Chief Justice Godfrey Chidyausiku yesterday came short of naming four “lazy” Harare High Court judges, but castigated them for sitting on cases with some running for a whole year.
SENIOR COURT REPORTER
Yet, Justice Chidyausiku said, only two were complicated cases.
Addressing guests that included Acting President and Justice minister Emmerson Mnangagwa during the official opening of the 2015 legal year, Justice Chidyausiku urged the “lazy” judges not to hide behind a constitutional provision that protects them from being removed from office.
He said the four judges whom he, however, declined to name, had completed 33 judgments last year while Harare High Court judge Justice Nicholas Mathonsi had single-handedly handed down 72 judgments over the same period.
“While I believe that judicial officers are entitled to decent conditions of service and must demand these as a right, I equally believe that judicial officers must earn their conditions of service,” Justice Chidyausiku said.
“Constitutional provisions that protect judges from removal from office, while necessary to safeguard the independence of judges, should not be a cloak behind which to hide inefficiency and underperformance by judicial officers.”
He added: “I must confess that the reports for 2014 have left me with mixed feelings regarding the performance of judges at the Harare High Court. As I have said earlier, some judges at the Harare High Court performed extremely well and I am more than pleased with their performance.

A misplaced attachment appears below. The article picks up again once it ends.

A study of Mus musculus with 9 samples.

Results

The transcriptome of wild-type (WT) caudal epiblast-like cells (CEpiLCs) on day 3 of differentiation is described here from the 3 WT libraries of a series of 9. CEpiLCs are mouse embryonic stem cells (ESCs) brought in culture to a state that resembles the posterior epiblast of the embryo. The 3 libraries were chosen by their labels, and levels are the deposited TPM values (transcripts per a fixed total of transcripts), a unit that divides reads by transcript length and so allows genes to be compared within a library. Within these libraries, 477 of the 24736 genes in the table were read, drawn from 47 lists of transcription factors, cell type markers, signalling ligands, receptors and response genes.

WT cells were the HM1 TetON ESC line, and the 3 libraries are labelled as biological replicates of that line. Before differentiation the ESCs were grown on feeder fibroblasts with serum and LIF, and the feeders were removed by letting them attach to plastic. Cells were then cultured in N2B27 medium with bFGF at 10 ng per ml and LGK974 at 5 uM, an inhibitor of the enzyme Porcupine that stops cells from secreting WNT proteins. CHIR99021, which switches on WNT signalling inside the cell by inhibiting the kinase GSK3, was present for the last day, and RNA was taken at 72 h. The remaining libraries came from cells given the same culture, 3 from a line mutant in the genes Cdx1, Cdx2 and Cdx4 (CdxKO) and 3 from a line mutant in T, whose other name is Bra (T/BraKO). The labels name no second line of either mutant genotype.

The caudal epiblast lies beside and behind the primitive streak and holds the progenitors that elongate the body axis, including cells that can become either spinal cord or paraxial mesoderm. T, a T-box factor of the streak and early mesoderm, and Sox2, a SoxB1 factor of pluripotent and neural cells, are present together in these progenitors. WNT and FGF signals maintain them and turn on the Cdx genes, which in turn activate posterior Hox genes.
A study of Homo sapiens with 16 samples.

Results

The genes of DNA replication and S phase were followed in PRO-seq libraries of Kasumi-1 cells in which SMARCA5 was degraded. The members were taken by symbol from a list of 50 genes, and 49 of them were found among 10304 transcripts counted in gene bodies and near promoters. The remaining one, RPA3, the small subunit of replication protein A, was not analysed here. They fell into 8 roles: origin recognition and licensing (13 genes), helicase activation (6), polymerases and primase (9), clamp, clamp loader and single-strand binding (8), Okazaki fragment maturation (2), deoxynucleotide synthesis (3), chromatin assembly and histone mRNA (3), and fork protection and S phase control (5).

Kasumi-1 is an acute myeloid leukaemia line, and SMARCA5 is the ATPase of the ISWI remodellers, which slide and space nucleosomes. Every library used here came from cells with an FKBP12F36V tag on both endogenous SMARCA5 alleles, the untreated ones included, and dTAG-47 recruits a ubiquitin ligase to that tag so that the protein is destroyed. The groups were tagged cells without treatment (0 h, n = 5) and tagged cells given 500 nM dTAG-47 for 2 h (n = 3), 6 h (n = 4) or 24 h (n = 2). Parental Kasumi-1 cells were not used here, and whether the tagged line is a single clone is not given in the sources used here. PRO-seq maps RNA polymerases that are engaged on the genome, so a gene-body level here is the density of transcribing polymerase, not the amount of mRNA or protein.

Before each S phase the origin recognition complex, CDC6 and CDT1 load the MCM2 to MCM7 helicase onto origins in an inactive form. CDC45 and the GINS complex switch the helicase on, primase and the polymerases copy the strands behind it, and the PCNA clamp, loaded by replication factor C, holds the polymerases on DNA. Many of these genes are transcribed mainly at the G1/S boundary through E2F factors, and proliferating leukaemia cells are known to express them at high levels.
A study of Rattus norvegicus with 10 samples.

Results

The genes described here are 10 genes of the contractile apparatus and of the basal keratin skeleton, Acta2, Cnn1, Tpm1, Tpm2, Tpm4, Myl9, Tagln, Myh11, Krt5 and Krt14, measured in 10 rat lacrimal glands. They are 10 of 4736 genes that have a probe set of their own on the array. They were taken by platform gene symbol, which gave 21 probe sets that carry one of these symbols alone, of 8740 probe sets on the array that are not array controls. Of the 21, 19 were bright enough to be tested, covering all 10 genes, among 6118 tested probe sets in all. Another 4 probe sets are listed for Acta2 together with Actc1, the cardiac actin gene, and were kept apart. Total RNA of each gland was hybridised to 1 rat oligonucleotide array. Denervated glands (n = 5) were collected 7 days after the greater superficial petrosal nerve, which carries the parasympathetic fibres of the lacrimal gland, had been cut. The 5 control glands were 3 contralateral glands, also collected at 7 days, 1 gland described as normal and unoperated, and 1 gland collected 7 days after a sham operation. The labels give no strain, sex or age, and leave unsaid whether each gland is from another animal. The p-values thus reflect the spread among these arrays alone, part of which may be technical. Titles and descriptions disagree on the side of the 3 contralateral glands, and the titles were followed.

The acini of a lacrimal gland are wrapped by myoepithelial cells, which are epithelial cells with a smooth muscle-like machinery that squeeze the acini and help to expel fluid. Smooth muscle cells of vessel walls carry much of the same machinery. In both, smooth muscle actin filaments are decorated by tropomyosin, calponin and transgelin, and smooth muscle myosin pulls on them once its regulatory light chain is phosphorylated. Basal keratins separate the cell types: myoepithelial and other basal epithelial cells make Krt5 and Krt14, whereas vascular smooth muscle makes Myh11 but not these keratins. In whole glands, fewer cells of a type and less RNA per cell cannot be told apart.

“In this regard, let me mention Justice Mathonsi who, in the course of the year, wrote and handed down an impressive 72 judgments. His industry is revealed in its true dimensions if it is compared to the output of the least performing four judges, who had two, three, six and 11 judgments respectively for the whole year.”
He said: “The four of them wrote and delivered 33 judgments all in all for the year 2014, less than half what Justice Mathonsi handed down. The four Justices and Justice Mathonsi operate in the same environment and are subject to the same limited and unattractive conditions of service.”
Justice Chidyausiku also praised Justice Charles Hungwe as the fifth top performer at the High Court saying: “This is a remarkable turnaround, because over the years Justice Hungwe’s performance had been a cause for concern. He and I had conversations over the issue. I am delighted that the conversations have had a positive outcome. Keep it up, judge.”
He also singled out the performance of Bulawayo High Court judge Justice Nokuthula Moyo as the top performer saying she handed down 56 judgments in 2014. He commended Justices Andrew Mutema, Priscilla Chigumba and Loice Matanda-Moyo for keeping the High Court backlogs under check.
However, the Chief Justice raised concerns over the performance of Gweru High Court which he said after the transfer of Justice Maxwell Takuva to the Bulawayo bench, “the backlog has risen and continues to rise steadily as it now stands in excess of 200 cases”.
Turning to the performance of the magistrates’ courts, Justice Chidyausiku said he was impressed with the way Chief Magistrate Mishrod Guvamombe had managed to reduce the backlog in the magistrates’ court from 49 000 cases to 2 000 without any increase in the number of magistrates.
Turning to the issue of conditions of service of the judicial officers and supporting staff, Justice Chidyausiku pleaded with “the powers-that-be” to assist the Judiciary Service Commission to curb corruption by improving the conditions of service of all judges, magistrates, supporting staff, the police, prisons and prosecutors alike.